The Trouble With Blackness.
…beneath the excuse of genuine intrigue with black stories lies the root of pleasure. There is an interest in our pain that exists as a subconscious motive, which many people either deny, or simply fail to acknowledge and confess.
There is now more space for black people on various platforms and fields than there were years ago; particularly when it comes to the retelling of our stories. However, I can’t help but question the root of this phenomenon — that being why there is so much interest in our stories. Here, I am focusing on the part of our audience that isn’t like-minded black people.
I am grateful that the world has shown a consideration of our lack of privilege by compensating through a means of new opportunities, positive discrimination and programs that are set up for minorities, or minority females etc. However oftentimes when applying for these schemes, being black and coming from a low-income household or a disadvantaged area are placed in one bracket — these applications often synonymise blackness with financial difficulty.
It suggests a mental assumption that being black is equivalent to suffering, pain and disadvantage. Although blackness may rightfully be associated with such, the synonymy between the two is the problem.
As such pain is expected from black people, there is a worldwide fixation on hearing the stories of black struggle as this is what sells to consumers. For example, although Django Unchained is ultimately a liberating story for black slaves, one shouldn’t forget that the liberation comes as a result of the chains they were in in the first place. The struggle is the root — the cause, and the liberation is the cure. However, there is now a gradual shift in films starring black actors where struggle is no longer the focal point of the piece, which is something that we aren’t accustomed to seeing.
We experience such realisations with the release of films like The Photograph (now in cinemas), a film about black people falling in love. Such narratives are refreshing as they simultaneously inform us on the amount of pain that is usually injected into black narratives. I see this as a reason why films such as Love Jones and Love & Basketball are so treasured — they are a break from the focus on pain. Although pain is a part of us, we have reached a point where it has consumed us, hence the increasing synonymy between blackness and suffering. This should not be the case.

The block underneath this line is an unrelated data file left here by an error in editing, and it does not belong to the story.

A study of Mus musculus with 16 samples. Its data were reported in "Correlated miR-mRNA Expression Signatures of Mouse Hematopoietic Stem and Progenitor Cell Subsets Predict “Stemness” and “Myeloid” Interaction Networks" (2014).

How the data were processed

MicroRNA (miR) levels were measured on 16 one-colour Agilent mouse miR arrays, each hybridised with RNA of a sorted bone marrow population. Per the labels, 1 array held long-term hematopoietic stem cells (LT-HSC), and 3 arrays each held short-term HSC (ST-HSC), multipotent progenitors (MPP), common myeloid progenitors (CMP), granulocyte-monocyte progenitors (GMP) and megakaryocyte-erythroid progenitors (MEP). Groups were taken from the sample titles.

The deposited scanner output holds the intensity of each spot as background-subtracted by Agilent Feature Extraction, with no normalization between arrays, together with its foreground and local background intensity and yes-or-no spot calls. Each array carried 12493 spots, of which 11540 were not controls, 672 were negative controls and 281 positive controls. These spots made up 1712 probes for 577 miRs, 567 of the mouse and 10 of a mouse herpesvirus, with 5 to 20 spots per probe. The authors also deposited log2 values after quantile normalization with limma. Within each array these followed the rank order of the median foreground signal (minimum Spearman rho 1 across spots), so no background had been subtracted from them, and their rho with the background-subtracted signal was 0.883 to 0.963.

There is a fine line between pleasure and pain and people enjoy witnessing them; this is why horror and action films are so successful — they sell. In the same way, sex sells — it’s vicarious pleasure through the medium of a screen.
Now, if pleasure and pain are closely related, and pain is increasingly synonymised with blackness, one can understand why blackness sells from this particular perspective: it is pleasurable to see black people suffer.
This is not to say that one loves to see it happen, but more that beneath the excuse of genuine intrigue with black stories lies the root of pleasure. There is an interest in our pain that exists as a subconscious motive, that many people either deny, or simply fail to acknowledge and confess.
I don’t accept any excuse for this interest in our narratives, that speaks of black people’s experiences as simply being more intriguing, engaging and colourful than any other, because it denies the truth behind the intention.
Yes, people want to hear about my blackness and the struggles I may face as a result, but do I always want to talk about it? Where is the line to be drawn between a genuine desire to be educated on blackness, and the indulgence in, fixation on, and obsession with black struggle?
If being black is the main thing that makes me marketable, is that good, or am I to just hush and be grateful that my story is being listened to — regardless of why? Because now, when I want to write about my feelings, it becomes my feelings as a black person, or better yet as a black woman.
It is difficult for us to write objectively, for we have already been objectified in our self-expression by our skin colour. This has a great influence on our experiences, which blackness has now become inextricable from, seldom separating it from hardship. Many only listen to us to hear this ball drop in our stories.
This speaks to a mindfulness of the audience and why they want to hear about our experiences. Are they obsessed, or merely willing to learn and understand from their place of privilege (mostly), as I am not addressing black readers? This is a question for all non-black people to ask themselves when they hear the retelling of black stories.
Though the stories are being heard as they rightfully should, how would they be received if the black side of our identity was removed?
Is it the responsibility of all black people to educationally incorporate race into our discourses, and is it my duty to educate the world on black womanhood, whether I like it or not?
Such questions come with no defined answer and I understand that fully. Therefore I simply encourage a conscious reception of stories from black people, and an evaluation of how correct it is if our blackness is the only thing that intrigues non-black readers.